Social isolation linked to increased risk of dementia, new study suggests
A new study has found that older people who have fewer social connections and interactions are at a higher risk of developing dementia. (Charles Holder via AP)

Socially isolated older adults are 27% more likely to develop dementia than older adults who are not, A new study by Johns Hopkins researchers found,

“Social connections matter to our cognitive health, and this is potentially easily modifiable for older adults without the use of medication,” Dr. Thomas Cudjoe, assistant professor of medicine at Johns Hopkins and a senior author of the study. said in a news release,

Published in the Journal of the American Geriatrics Society, the study tracked 5,022 dementia-free US adults who were 65 or older — with an average age of 76 — and were not living in a residential care facility. About 23% of participants were socially isolated.

Social isolation is defined as having few relationships and regular interactions with few people. The study measured this based on whether participants lived alone, talked with two or more people about “important matters” in the past year, attended religious services or attended social events. Participants were given a score for each item, and those who scored zero or one were socially isolated.

Over the course of nine years, the researchers periodically administered cognitive tests. Overall, about 21% of study participants developed dementia. But of those who were socially isolated, around 26% developed dementia – compared to slightly less than 20% for those who were not socially isolated.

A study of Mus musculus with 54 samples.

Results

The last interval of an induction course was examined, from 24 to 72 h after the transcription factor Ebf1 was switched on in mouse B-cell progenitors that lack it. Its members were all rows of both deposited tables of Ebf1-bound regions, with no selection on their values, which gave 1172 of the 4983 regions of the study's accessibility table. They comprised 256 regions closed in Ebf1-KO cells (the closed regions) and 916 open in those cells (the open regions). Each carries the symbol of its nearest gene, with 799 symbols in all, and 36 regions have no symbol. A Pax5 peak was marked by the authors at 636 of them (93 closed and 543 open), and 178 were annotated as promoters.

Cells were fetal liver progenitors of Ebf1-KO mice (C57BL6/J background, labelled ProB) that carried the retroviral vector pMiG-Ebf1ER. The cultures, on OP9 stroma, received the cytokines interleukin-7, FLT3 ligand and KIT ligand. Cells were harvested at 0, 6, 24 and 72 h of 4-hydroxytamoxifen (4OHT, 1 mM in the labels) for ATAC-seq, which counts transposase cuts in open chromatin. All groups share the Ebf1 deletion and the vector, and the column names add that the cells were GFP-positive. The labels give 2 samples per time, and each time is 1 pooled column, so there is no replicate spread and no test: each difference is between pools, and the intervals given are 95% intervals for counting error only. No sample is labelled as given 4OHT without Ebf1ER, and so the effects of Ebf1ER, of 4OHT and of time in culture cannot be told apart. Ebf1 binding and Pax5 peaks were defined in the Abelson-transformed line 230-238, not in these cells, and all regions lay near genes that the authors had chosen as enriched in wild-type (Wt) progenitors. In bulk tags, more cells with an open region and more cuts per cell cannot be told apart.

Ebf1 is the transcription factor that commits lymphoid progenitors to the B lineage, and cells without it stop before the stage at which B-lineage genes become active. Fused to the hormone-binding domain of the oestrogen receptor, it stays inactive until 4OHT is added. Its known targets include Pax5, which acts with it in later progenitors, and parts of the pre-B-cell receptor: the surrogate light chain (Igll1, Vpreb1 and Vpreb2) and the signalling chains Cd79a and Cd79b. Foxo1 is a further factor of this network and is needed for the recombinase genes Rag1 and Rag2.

The study found no significant differences based on race or ethnicity. However, more than 70% of participants in the study were white — with a notably small sample size of Hispanic, Asian and Native participants — and the authors call for further research on this topic.

Social isolation was previously known to be a dementia risk factor and has been linked to other serious health conditions such as heart disease and depression. According to the Centers for Disease Control and Prevention,


social connections can be improve quality of life For patients suffering from dementia and slowing down its progression.

a Second study using related data found that access to technology such as cell phones can prevent social isolation among older adults.

“This is encouraging because it means that simple interventions may be worthwhile,” Mfon Umoh, a postdoctoral fellow in geriatric medicine at Johns Hopkins, said in a news release.

Copyright 2023 NPR. To see more, visit https://www.npr.org.